In this third film of the Bad News Bears series, Tony Curtis plays a small time promoter/hustler who takes the pint-sized baseball team to Japan for a match against the country's best ... See full summary »
Jackie Earle Haley,
First of a trilogy of films takes an unflinching look at the underbelly of little league baseball in Southern California. Former minor leaguer Morris Buttermaker is a lazy, beer swilling swimming pool cleaner who takes money to coach the Bears, a bunch of disheveled misfits who have virtually no baseball talent. Realizing his dilemma, Coach Buttermaker brings aboard girl pitching ace Amanda Whurlizer, the daughter of a former girlfriend, and Kelly Leak, a motorcycle punk who happens to be the best player around. Brimming with confidence, the Bears look to sweep into the championship game and avenge an earlier loss to their nemesis, the Yankees.Written by
Rick Gregory <email@example.com>
Against the Athletics, Rudy Stein is up to bat and hits a fly ball to right field for the final out of the game. However, when he's at bat, you can clearly see that it's only 5-0 in the bottom of the 2nd inning. In the very next shot, the scoreboard reads 18-0. See more »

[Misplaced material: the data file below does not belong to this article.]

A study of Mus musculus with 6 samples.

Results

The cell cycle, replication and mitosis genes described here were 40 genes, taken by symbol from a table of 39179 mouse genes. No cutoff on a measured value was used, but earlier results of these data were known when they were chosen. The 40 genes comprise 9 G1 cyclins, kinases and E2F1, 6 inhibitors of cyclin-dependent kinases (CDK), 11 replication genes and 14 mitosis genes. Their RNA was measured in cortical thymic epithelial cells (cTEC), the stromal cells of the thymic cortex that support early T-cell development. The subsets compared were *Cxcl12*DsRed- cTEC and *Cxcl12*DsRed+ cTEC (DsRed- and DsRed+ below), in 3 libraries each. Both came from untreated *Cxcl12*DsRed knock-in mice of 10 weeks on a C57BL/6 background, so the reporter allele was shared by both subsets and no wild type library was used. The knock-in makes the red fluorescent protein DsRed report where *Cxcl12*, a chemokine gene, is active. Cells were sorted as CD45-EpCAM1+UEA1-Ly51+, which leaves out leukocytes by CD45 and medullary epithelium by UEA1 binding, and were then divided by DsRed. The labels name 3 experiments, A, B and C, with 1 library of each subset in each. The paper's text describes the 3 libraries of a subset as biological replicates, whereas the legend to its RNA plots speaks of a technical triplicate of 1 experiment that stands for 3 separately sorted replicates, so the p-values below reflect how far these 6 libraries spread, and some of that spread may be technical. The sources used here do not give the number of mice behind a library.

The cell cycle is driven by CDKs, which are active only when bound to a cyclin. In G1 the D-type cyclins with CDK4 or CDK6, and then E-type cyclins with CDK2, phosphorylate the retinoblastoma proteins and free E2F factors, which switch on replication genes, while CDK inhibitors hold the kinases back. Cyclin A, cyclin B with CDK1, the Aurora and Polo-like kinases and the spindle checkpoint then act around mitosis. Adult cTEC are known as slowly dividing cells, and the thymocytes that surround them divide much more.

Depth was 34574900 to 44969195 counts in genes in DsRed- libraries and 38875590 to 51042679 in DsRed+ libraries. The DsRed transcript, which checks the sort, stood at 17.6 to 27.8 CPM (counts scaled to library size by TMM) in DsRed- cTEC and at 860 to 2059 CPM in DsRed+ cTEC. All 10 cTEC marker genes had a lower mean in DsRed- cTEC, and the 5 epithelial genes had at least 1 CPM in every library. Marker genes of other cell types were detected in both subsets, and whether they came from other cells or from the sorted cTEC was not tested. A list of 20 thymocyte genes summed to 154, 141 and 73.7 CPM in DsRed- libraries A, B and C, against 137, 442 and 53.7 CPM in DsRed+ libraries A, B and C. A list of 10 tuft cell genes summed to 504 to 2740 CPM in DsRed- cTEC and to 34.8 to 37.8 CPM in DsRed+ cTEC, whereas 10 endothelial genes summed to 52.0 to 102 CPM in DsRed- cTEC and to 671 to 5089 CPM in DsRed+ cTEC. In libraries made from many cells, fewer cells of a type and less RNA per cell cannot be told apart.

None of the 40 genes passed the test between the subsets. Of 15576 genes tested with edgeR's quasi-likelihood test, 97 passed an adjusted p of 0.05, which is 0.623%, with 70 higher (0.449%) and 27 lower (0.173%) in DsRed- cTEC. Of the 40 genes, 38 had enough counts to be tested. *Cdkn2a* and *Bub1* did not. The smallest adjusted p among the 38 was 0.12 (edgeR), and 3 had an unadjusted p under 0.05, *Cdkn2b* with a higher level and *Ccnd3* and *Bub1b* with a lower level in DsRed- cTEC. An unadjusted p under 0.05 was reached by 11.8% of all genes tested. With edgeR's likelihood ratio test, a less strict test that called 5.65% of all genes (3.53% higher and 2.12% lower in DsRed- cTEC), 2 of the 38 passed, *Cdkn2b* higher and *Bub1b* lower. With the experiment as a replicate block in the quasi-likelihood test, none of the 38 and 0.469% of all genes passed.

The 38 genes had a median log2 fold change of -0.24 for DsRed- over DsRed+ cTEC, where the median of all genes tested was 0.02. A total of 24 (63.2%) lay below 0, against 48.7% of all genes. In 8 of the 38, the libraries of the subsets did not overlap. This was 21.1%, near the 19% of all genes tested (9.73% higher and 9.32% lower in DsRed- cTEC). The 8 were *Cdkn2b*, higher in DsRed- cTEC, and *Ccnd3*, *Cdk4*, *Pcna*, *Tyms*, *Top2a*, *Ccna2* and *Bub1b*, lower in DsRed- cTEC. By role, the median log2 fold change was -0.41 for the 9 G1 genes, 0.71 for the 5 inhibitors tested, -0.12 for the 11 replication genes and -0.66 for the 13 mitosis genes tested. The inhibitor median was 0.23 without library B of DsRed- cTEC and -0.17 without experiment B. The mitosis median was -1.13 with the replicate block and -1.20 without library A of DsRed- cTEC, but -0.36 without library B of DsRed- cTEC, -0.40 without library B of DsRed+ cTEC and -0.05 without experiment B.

I was really impressed with how well this movie has "aged." Walter Natthau plays that role of the alcoholic wash-out to perfection, and Tatum O'Neal portrays the struggle of a young girl trying to enter adolescence without losing her sense of "self" with delicacy and skill. It's a good story,with quite a bit serious to say about human nature and the understandings and misunderstandings between generations; it makes me mad that it never received the attention it deserved because it's "just" about kids. On a sadder note, I also couldn't help being impressed with how far this culture has regressed since 1976. The children's use of even mild profanity would never be permitted now in a "family film," and the wonderful scene at the end would certainly send the Thought Police running for their placards and boycotts. It's worth watching this film again just to remind ourselves that only 30 years ago children still enjoyed some autonomous space in which to grow, and the iron doors of the Nanny State had not yet completely swung closed upon them.